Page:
War of the Spark Traditional Draft has been live on MTG Arena for a week, and we’ve already had a few opportunities to try out the new format. War draft is more complex than usual, with high-powered cards and complicated interactions in seemingly every game.
If you’re still trying to wrap your head around the draft format, we wanted to give you a quick primer on the major archetypes. Like most draft formats, War has ten major Limited archetypes, aligned with the ten color pairs. Five of these archetypes are synergy-based decks built around the set mechanics; the other five are much looser.
Let’s start with the synergy-based decks:
The Amass Decks
Amass decks come in three not-so-distinct flavors. Think of these decks like the Grixis-aligned pirates decks in Ixalan, but with less reliable fixing: they share a core mechanic, but they all play slightly differently.
Blue-Black is a grindy, controlling deck looking to play the long game and win with a huge zombie army. It also has access to some of the most powerful uncommon planeswalkers, including Ashiok, Dream Render and Kasmina, Enigmatic Mentor.
Black-Red is much more aggressive and has a minor creature-sacrifice theme. Angrath, Captain of Chaos is an especially good pick-up for this deck, as many of its creatures lack the necessary evasion to kill planeswalkers on their own.
Blue-Red is a “spells-matter” deck that utilizes both the amass and proliferate mechanics. This deck wants to cast as many cheap spells as possible to build up creatures like Spellgorger Weird and Thunder Drake. Spellkeeper Weird, Flux Channeler, and Saheeli are also great inclusions here.
These decks have access to some of the best removal in the format, which allows them to pressure planeswalkers. Plus, these decks have access to plenty of planeswalkers themselves, so they can play the long game better than many other decks in the format.
Since they have so much overlap and such powerful spells available to them, the amass decks are among the most likely to splash a third color. Fortunately, Gateway Plazas do tend to go late on MTG Arena, so you may be able to snap one up.
The +1/+1 Counters Decks
There are also two distinct +1/+1 counters decks in WAR Limited: Blue-Green and Green-White.
Like the Blue-Red Amass deck, the Blue-Green deck has access to both the amass and proliferate mechanics. That means it has plenty of ways to put +1/+1 counters on creatures – especially zombie army tokens. Blue-Green also has access to a handful of flyers, which can get huge with the right combination of support spells.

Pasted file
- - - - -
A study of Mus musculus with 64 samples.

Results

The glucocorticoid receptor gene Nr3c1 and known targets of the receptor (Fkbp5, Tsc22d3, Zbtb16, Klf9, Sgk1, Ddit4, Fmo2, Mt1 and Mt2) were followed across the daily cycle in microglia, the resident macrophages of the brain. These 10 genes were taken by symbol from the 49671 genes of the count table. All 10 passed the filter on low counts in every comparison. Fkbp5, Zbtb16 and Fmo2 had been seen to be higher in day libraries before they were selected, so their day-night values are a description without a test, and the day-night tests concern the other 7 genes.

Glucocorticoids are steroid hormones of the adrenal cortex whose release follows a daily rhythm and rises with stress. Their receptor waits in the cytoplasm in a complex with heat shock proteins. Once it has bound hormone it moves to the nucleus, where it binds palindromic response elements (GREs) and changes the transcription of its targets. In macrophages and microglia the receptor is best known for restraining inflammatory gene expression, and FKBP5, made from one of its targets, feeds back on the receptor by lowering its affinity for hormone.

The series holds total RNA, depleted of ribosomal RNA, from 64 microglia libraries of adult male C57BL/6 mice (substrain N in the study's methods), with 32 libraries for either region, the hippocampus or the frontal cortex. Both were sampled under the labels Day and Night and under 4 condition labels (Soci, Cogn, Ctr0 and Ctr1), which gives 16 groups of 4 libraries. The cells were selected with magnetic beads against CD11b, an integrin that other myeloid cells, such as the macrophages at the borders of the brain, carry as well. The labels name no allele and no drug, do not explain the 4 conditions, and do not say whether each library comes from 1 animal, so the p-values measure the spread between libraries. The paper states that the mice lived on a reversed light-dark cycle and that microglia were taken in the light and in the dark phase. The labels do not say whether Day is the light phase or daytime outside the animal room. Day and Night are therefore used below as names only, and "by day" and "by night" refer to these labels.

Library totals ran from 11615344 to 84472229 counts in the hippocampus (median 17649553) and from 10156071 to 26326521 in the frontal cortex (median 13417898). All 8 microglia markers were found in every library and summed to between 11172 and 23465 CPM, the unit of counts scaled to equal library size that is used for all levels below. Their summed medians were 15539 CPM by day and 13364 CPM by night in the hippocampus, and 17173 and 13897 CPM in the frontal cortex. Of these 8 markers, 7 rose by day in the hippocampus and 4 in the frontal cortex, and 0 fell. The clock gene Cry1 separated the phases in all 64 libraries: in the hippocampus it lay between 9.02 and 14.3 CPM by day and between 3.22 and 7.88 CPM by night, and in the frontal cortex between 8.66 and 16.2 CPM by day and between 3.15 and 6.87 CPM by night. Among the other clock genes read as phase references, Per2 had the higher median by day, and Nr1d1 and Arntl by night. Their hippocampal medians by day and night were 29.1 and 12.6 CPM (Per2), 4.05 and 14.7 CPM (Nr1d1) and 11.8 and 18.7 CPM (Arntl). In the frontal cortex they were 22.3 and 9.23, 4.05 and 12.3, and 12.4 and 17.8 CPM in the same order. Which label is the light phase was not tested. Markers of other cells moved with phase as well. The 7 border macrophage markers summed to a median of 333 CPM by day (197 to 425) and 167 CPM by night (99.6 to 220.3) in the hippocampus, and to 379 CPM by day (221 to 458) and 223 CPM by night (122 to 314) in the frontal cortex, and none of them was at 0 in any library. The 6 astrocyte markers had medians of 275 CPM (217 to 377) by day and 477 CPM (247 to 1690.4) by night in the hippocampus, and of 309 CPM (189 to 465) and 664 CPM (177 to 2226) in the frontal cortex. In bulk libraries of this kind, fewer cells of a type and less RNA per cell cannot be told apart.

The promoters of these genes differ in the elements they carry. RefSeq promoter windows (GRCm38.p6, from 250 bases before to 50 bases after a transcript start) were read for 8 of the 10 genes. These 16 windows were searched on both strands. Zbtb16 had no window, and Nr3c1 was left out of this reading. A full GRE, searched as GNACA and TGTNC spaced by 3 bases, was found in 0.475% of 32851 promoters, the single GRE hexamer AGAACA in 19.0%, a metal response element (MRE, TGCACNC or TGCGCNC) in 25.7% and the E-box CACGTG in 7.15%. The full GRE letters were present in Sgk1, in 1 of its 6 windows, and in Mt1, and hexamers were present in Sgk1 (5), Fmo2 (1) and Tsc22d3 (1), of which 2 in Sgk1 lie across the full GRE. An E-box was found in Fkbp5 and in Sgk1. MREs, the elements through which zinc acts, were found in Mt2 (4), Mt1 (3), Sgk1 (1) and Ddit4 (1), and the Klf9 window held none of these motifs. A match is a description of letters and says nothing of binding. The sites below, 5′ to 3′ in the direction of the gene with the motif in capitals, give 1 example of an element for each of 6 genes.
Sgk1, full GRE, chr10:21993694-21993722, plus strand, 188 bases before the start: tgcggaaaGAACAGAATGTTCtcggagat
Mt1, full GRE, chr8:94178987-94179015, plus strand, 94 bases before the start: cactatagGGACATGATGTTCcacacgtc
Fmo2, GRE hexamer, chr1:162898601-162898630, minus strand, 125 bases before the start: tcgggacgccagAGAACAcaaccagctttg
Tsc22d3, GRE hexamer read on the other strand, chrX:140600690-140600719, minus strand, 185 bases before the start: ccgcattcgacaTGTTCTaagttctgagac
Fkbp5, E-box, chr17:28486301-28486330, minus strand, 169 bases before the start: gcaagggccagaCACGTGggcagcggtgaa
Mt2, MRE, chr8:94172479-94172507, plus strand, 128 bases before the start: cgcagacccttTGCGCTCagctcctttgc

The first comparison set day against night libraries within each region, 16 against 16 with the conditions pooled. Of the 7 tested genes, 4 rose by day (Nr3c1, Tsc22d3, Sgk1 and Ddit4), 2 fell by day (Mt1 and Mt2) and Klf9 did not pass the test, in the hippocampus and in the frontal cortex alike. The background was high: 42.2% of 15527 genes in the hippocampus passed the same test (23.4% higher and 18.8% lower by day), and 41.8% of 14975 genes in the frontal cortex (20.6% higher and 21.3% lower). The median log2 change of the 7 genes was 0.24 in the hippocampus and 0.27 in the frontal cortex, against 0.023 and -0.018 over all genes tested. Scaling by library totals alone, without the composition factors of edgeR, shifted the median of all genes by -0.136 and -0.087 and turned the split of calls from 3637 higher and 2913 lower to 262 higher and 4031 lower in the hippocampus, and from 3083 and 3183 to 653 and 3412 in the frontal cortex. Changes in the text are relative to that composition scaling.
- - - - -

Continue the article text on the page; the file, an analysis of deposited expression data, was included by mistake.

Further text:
Green-White, meanwhile, has plenty of ways to proliferate, but needs some help getting +1/+1 counters on its creatures. Ajani, Arlinn, and Jiang Yanggu are therefore the best planeswalkers for this strategy, which is often looking to go wide with creatures. There are also plenty of common spells that distribute +1/+1 counters, such as Battlefield Promotion and New Horizons.
Of course, there’s also Pollenbright Druid, a premier common for both archetypes. Druid gives you the flexibility to proliferate all your permanents or put a +1/+1 counter on a creature that sorely needs it. You also get a cheap creature that can chump-block for one of your planeswalkers, which isn’t a bad deal.
Evolution Sage is also a powerful uncommon for these strategies, but unlike Pollenbright Druid, its effect isn’t immediate. If you jam Evolution Sage on turn three, you’re unlikely to untap with it; best to hold off until you have a land to play after you cast it.
The Usual Suspects
The remaining five archetypes are variations on classic Limited Magic themes. But like all War of the Spark archetypes, they contain some powerful cards, as well as ways to deal with opposing planeswalkers.
Black-Green is the “multicolor green” deck of the format, which is flexible enough to splash for off-color threats and removal spells. Key cards include Paradise Druid, Leyline Prowler, and New Horizons; Deathsprout can also find an off-color basic land, but requires a stricter color commitment.
Blue-White is the flyers deck of the format, as is tradition. Good news for drafters of this archetype: flyers are even better than usual in War of the Spark, since they can take out planeswalkers and bypass board stalls.
Red-White is an aggressive deck, full of cheap creatures and combat tricks. Feather, the Redeemed and Tenth District Legionnaire are the poster-children for this archetype, as they give your Defiant Strikes and Battlefield Promotions even more utility.
Red-Green is a beatdown deck featuring some of the beefiest creatures in the format. While this deck may be low on removal, it has more than enough raw power.
Black-White doesn’t appear to have a strict theme, but the power level of its removal is high enough to pull you into these colors. Ob Nixilis’s Cruelty is likely the best common removal spell in the set (very few creatures have more than five toughness), and Law-Rune Enforcer can tap just about anything that isn’t a zombie army token. If you open a Sorin, it’s worth it to go into this archetype.
While all these decks have their merits, Blue-White and Black-White have seemed the most impressive from the outset. Even the most aggressively-costed creatures can be outclassed by planeswalkers, and the white decks have enough flyers and removal to keep the ’walkers in check.
Which decks have you enjoyed drafting in War of the Spark? Share your favorites with us on Twitter at @Card_Kingdom!